On Date Formats in DB2 – Part 1

By | In Blog | February 09th, 2016

Regular readers of my blog know that from time to time I use the blog as a forum to answer questions I get via e-mail. Today, we address a popular theme – dealing with DB2 date data…

Q:I have a DATE column in a DB2 table, but I do not want it to display the way DB2 displays it by default. How can I get a date format retrieved from a column in a table from DB2 database in the format MM/DD/YYYY?

A:The simplest way to return a date in the format you desire is to use the built-in column function CHAR. Using this function you can convert a date column into any number of formats. The specific format you request, MM/DD/YYYY, is the USA date format. So, for example, to return the date in the format you requested for a column named START_DATE you would code the function as follows:

CHAR(START_DATE,USA)

The first argument is the column name and the second argument is the format. Consult the following table for a list of the date formats that are supported by DB2.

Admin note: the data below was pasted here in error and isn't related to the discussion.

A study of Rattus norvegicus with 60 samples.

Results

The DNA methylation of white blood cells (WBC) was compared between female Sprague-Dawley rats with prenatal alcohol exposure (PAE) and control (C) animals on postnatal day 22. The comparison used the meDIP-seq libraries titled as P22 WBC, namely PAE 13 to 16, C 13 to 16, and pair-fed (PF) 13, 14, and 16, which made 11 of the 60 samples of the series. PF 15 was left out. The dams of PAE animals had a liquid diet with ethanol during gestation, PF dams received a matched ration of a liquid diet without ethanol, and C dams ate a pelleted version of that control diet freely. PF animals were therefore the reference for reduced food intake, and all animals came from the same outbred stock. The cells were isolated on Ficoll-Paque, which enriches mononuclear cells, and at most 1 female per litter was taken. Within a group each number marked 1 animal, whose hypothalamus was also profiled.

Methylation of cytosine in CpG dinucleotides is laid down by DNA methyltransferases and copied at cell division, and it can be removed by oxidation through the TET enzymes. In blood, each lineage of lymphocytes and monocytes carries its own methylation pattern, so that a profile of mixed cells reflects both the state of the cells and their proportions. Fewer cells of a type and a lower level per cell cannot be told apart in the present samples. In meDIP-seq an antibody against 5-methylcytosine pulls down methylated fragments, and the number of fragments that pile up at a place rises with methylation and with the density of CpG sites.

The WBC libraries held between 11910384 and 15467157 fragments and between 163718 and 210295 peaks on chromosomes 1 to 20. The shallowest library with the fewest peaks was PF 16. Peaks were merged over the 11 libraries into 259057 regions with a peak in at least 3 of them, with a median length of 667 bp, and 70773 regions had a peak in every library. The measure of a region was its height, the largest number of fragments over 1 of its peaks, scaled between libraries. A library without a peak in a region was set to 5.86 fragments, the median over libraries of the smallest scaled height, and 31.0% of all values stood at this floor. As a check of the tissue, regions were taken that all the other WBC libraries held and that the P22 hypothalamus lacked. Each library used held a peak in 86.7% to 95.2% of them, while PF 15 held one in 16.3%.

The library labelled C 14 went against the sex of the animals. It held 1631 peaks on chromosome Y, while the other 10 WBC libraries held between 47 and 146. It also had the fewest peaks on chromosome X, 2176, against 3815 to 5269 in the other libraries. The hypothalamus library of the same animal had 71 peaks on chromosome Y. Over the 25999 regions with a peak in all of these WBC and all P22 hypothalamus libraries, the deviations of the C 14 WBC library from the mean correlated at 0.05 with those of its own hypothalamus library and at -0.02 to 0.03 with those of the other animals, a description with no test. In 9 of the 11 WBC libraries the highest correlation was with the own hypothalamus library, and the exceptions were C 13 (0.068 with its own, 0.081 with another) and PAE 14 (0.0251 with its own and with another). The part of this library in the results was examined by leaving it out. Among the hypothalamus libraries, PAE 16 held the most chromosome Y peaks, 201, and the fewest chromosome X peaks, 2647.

Name

Layout

Example

ISO

yyyy-mm-dd

2002-10-22

USA

mm/dd/yyyy

10/22/2002

EUR

dd.mm.yyyy

22.10.2002

JIS

yyyy-mm-dd

2002-10-22

LOCAL

Locally defined layout

N/A

You may also have an installation-defined date format that would be named LOCAL. For LOCAL, the date exit for ASCII data is DSNXVDTA, the date exit for EBCDIC is DSNXVDTX, and the date exit for Unicode is DSNXVDTU.

This blog was originally published on Craig Mullins’ blog at: http://db2portal.blogspot.com/2008/10/on-date-formats.html

Craig Mullins
Consultant at Mullins Consulting, Inc
Craig S. Mullins is working with Datavail and its DB2 practice to expand offerings. He is president and principal consultant at Mullins Consulting, Inc. and the publisher of The Database Site. Mullins has 30 years of experience in all facets of database management and is the author of two books: “DB2 Developer’s Guide” currently in its 6th edition and “Database Administration: The Complete Guide to DBA Practices and Procedures,” the industry’s only guide to heterogeneous DBA.